Poaching and illicit wildlife trafficking are decimating Africa’s iconic wildlife. African elephants and rhinos are seriously at risk of becoming extinct in the wild in our lifetime.
The Maasai – a semi-nomadic people who live predominately in southern Kenya and northern Tanzania along the Great Rift Valley – have been fighting for decades to defend their land, their environment and their wildlife. Poachers, billionaires who want to buy up their traditional lands for safari lodges, and sketchy government officials are their main opponents to their way of life.
But they’ve come up with a truly innovative idea that could help y protect their home, the customs of their ancestors and nearby endangered wildlife.
By pooling their land, the Maasai plan to establish a reserve that they will manage themselves. This will create a crucial wildlife corridor where elephants, rhinos, lions and wildebeests will be able to roam free.
Tourism has for decades brought billions of dollars into the Kenyan economy but the Maasai (the land’s rightful owners!) have barely seen a penny of this. Experts say securing these communities’ control over their land, creating this reserve and giving the Maasai a chance to benefit directly from conservation and responsible tourism is the best way to protect it.
The survival of some of our planet’s most majestic animals that move across the Serengeti to the Masai Mara National Reserve every year during the Great Migration could well be at stake. The community has already pledged 4,000 acres to create the reserve.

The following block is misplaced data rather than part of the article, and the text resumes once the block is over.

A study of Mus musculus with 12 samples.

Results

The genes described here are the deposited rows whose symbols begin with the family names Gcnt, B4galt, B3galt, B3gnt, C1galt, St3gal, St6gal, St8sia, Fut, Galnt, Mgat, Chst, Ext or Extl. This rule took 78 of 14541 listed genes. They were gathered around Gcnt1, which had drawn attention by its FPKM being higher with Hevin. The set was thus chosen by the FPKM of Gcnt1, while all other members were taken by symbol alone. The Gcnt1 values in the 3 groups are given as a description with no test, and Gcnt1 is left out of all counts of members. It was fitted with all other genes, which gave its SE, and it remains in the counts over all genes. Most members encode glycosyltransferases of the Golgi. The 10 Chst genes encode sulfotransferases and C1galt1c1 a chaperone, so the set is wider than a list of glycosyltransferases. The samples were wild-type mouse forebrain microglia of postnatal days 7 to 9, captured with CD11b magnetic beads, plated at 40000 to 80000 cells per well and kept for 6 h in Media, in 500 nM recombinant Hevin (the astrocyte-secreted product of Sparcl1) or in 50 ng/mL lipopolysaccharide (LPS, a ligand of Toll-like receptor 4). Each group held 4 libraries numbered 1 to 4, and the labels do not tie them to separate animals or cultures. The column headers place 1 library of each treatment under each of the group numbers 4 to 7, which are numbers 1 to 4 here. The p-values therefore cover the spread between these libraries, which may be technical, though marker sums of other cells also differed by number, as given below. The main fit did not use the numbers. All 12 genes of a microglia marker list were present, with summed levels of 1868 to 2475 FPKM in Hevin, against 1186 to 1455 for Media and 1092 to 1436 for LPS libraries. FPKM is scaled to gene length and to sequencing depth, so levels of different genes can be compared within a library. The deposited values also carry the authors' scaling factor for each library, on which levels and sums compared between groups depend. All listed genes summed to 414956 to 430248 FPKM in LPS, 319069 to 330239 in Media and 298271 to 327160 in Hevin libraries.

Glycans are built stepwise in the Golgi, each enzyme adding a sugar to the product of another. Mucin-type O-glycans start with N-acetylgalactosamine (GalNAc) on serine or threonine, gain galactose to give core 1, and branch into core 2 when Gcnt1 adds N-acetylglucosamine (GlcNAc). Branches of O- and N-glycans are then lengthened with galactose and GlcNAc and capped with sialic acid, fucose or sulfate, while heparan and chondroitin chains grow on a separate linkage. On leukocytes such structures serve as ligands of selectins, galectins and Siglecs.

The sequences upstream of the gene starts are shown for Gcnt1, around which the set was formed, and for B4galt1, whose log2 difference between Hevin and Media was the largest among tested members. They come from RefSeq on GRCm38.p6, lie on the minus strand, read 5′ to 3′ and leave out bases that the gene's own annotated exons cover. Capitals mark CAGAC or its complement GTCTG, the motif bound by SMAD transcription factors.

Avaaz, a global organization (with over 40 million members in 194 countries) that promotes activism on issues such as climate change, human rights, animal rights, corruption, poverty, and conflict – is spearheading a funding campaign to help these proud people save their culture and the important creatures they want to protect.
The idea of private land ownership is a relatively new concept to the Maasai. But between the 1960’s and 1980’s it was forced on them by the government and a new land management system of individual ranches became the norm. Today, the Maasai see this as a way to save themselves and take back their power.
They take a slightly different but powerful viewpoint on “ownership”, however.
“It’s a case of everyone seeing that land belongs to the community as much as the individual,” says Maasai leader Edward Loure. “It’s saying ‘our land’ rather than ‘my land’. So many companies have come and there has been a lot of land grabbing going on. But we have shown that if we use resources well there is enough for everyone.”
After just three months of Avaaz working with the tribes on this project, the organization recently posted the following:
“After only 3 months of work by this community, lions, zebras, giraffes, and elephants are returning in large numbers — even giving birth there!”
To make this very large and important dream a reality, the tribe needs funds, and people around the world can help. To donate to helping the Maasai create this permanent wildlife corridor and empower them in their quest for self-determination, please click here. Whether it’s $6, $20 or more, every amount makes a huge difference. That’s something we all can do.